Research has identified pregnancy as a trigger to obesity among women; therefore, childbirth educators are encouraged to include the topic of weight gain in their classes. The Centers for Disease Control and Prevention recently published a guide on obesity that may serve as an excellent resource for both educators and their clients.
Health-care providers need to recognize that not all adolescent pregnancies occur as a result of error. A small subset of adolescents intentionally plan their pregnancy. The purpose of this phenomenological study was to describe the experiences of 14- to 17-year-old pregnant females who had planned their pregnancies. Participants were recruited from one prenatal clinic at a large tertiary medical center in the eastern region of the United States. Three themes emerged from participant interviews that were related to the adolescents’ pregnancies. Themes included living environment issues, adjustment to the pregnancy, and an increased motivation to do well in school and work to provide a good life for their infants. Understanding the phenomena of planned adolescent pregnancy can provide a basis for health-care providers to provide support to adolescent females in this life transition. Understanding the common experience of these adolescents can assist health-care providers to develop individualized interventions to best meet these young women’s needs and to improve birth outcomes among this population.
- Go to article: Men’s Perceptions of Pregnancy-Related Weight Gain: A Psychosocial Firestorm (Upheaval) Intertwined With Supportive Intentions
Men’s Perceptions of Pregnancy-Related Weight Gain: A Psychosocial Firestorm (Upheaval) Intertwined With Supportive Intentions
In-depth interviews were conducted with 16 men who had a significant other who had given birth within the last 5 years. Men were asked about their perceptions of pregnancy-related weight gain, and content analysis was used to identify themes from the interviews. Men described nine themes related to perinatal weight gain: (a) negative perceptions, (b) eating behaviors, (c) exercise habits, (d) health impact, (e) body changes, (f) weight-loss success, (g) “it bothered her more than me,” (h) “the weight gain wasn’t a problem,” and (i) intimacy. Together, these themes offer a glimpse into men’s experiences and highlight the discord and balance between experiencing negative feelings/perceptions and being a supportive partner. This information on how men perceive pregnancy-related weight gain can be used to develop interventions to assist men to support their significant others in meeting weight loss goals following pregnancy.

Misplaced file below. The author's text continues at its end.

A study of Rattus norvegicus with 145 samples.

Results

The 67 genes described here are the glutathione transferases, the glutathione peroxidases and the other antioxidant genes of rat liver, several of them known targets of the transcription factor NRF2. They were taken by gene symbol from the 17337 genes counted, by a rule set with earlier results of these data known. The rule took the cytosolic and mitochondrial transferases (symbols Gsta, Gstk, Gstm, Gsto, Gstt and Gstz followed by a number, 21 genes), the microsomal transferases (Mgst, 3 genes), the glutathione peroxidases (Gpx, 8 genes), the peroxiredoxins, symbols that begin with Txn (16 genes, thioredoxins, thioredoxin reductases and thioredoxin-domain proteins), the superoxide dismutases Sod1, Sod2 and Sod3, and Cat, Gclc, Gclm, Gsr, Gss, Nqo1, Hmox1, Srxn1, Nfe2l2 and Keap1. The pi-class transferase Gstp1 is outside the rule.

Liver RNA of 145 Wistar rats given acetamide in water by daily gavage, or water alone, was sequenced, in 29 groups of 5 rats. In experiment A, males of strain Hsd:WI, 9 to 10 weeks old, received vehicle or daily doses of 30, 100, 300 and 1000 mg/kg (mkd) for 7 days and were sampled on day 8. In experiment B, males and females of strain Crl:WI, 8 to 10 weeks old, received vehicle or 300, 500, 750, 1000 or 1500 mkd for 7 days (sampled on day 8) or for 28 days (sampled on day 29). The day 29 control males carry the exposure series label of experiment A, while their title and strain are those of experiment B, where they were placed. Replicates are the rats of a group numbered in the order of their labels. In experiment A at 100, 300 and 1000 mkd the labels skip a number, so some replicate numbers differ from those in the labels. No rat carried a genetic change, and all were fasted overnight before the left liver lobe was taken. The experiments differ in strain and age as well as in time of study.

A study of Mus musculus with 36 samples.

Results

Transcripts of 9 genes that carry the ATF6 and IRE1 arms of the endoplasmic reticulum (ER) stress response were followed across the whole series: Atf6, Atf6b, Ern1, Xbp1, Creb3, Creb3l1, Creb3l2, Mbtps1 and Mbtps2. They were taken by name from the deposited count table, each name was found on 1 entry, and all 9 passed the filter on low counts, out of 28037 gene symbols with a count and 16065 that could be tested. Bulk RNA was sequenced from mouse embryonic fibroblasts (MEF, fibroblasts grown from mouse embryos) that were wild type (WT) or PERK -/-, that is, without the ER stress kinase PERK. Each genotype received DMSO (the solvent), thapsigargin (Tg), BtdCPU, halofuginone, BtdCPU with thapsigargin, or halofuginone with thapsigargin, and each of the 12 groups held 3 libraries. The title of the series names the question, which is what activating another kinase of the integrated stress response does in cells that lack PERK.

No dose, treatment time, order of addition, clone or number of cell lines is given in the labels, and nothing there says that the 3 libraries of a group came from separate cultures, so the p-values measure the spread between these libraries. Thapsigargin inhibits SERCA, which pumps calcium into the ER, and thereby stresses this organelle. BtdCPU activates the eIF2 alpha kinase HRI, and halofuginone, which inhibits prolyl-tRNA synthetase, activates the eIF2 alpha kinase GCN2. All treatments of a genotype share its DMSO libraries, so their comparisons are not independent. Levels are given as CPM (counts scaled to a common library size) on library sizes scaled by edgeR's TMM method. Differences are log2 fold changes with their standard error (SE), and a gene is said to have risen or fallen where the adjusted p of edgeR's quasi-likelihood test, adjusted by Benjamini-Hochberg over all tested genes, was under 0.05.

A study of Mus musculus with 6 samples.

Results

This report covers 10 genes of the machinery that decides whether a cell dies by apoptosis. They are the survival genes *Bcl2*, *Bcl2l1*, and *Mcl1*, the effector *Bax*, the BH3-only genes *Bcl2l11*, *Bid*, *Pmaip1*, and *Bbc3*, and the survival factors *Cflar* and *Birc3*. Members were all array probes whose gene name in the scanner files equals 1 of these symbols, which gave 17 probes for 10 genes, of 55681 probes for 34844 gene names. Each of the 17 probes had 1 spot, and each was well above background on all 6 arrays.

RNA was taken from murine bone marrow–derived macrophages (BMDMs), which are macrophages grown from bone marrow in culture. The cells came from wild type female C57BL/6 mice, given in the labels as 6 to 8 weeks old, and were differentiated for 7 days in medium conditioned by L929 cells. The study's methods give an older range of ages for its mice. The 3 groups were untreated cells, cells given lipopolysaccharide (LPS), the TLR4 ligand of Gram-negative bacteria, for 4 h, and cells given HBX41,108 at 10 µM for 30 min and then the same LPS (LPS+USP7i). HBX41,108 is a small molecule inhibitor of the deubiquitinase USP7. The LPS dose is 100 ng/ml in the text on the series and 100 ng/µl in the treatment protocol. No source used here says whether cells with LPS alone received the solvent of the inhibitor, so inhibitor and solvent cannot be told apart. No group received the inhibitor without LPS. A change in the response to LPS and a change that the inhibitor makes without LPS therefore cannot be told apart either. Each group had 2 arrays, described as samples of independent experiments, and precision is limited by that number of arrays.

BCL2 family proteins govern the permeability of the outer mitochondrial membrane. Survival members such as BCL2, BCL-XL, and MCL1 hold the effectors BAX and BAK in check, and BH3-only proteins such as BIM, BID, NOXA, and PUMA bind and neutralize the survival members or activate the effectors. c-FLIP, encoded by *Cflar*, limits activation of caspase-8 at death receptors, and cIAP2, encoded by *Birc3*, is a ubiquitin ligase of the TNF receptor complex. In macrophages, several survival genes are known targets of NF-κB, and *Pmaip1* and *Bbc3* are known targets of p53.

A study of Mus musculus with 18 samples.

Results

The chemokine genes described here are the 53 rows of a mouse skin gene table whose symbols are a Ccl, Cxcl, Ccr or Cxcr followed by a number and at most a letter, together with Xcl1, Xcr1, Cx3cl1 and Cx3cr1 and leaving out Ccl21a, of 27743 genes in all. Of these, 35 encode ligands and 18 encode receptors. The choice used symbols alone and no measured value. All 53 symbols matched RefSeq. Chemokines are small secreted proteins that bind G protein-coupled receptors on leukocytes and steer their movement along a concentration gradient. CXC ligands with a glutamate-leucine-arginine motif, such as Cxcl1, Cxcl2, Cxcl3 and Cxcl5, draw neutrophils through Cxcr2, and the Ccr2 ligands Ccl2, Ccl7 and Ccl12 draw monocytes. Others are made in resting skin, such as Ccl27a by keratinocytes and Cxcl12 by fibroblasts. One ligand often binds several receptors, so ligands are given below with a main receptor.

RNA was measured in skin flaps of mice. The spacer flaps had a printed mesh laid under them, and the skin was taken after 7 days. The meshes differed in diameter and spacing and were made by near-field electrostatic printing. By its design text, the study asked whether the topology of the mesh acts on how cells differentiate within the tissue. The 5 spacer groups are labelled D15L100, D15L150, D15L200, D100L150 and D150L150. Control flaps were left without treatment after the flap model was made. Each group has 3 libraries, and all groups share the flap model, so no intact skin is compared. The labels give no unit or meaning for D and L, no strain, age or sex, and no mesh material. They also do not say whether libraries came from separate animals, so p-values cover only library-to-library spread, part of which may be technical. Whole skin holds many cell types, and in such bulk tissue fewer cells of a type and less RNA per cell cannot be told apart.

In this column, the author provides examples of Web sites that address exercise and physical activity during pregnancy and the postpartum period.
Soy protein comes from soybeans and offers multiple health benefits, some of which are just beginning to be discovered. This column reviews the health benefits of soy products with a special focus on women and children’s health. To date, little has been written or researched that is directly related to perinatal health. Thus, the column has a more broad focus so that childbirth educators have a general resource to gain knowledge related to the use of soy-based foods.
Families of preterm infants need a tremendous amount of support. This resource column highlights several Web sites that may be useful to health care providers and childbirth educators, as well as to parents of premature infants and their families.
This column features excerpts from a recent series of articles from the Lamaze International research blog, Science & Sensibility. The eight-part series examined the issue of maternal obesity from various perspectives, incorporating writings from Kimmelin Hull, a physician assistant, a Lamaze Certified Childbirth Educator, and the community manager of Science & Sensibility; Kristen Montgomery, a nursing professor at the University of North Carolina‐Charlotte; Pamela Vireday, a childbirth educator and blogger; and Kathleen Kendall-Tackett, a health psychologist, lactation consultant, and writer/speaker. The authors of the blog series, titled “Maternal Obesity from All Sides,” reviewed current research about risks associated with maternal obesity as well as the humanistic issues and lived experiences of pregnant women of size.
- Go to article: Creating Consistency and Control Out of Chaos: A Qualitative View of Planned Pregnancy during Adolescence
Creating Consistency and Control Out of Chaos: A Qualitative View of Planned Pregnancy during Adolescence
Adolescent pregnancy can have devastating effects for both mother and child. However, little is known about the experience of planned pregnancy among adolescents. This paper presents an in-depth analysis of themes identified in a previous study of the experience of planned adolescent pregnancy. The experience of planning a pregnancy during adolescence consists of typical adolescent behavior in that these girls demonstrated the need for control, invulnerability, and a present focus to their lives. In addition to this typical behavior, a component manifests itself in which adolescent girls make reproductive health choices to gain control. By establishing a level of control over their hectic and stressful lives, they are able to add meaning to their lives. The need for consistency and control seem to be linked, because many of the adolescent girls’ statements reflected dimensions of both concepts. This initial, descriptive study can be used to further explore adolescent pregnancy and to develop interventions that might assist these girls to lead healthy lives.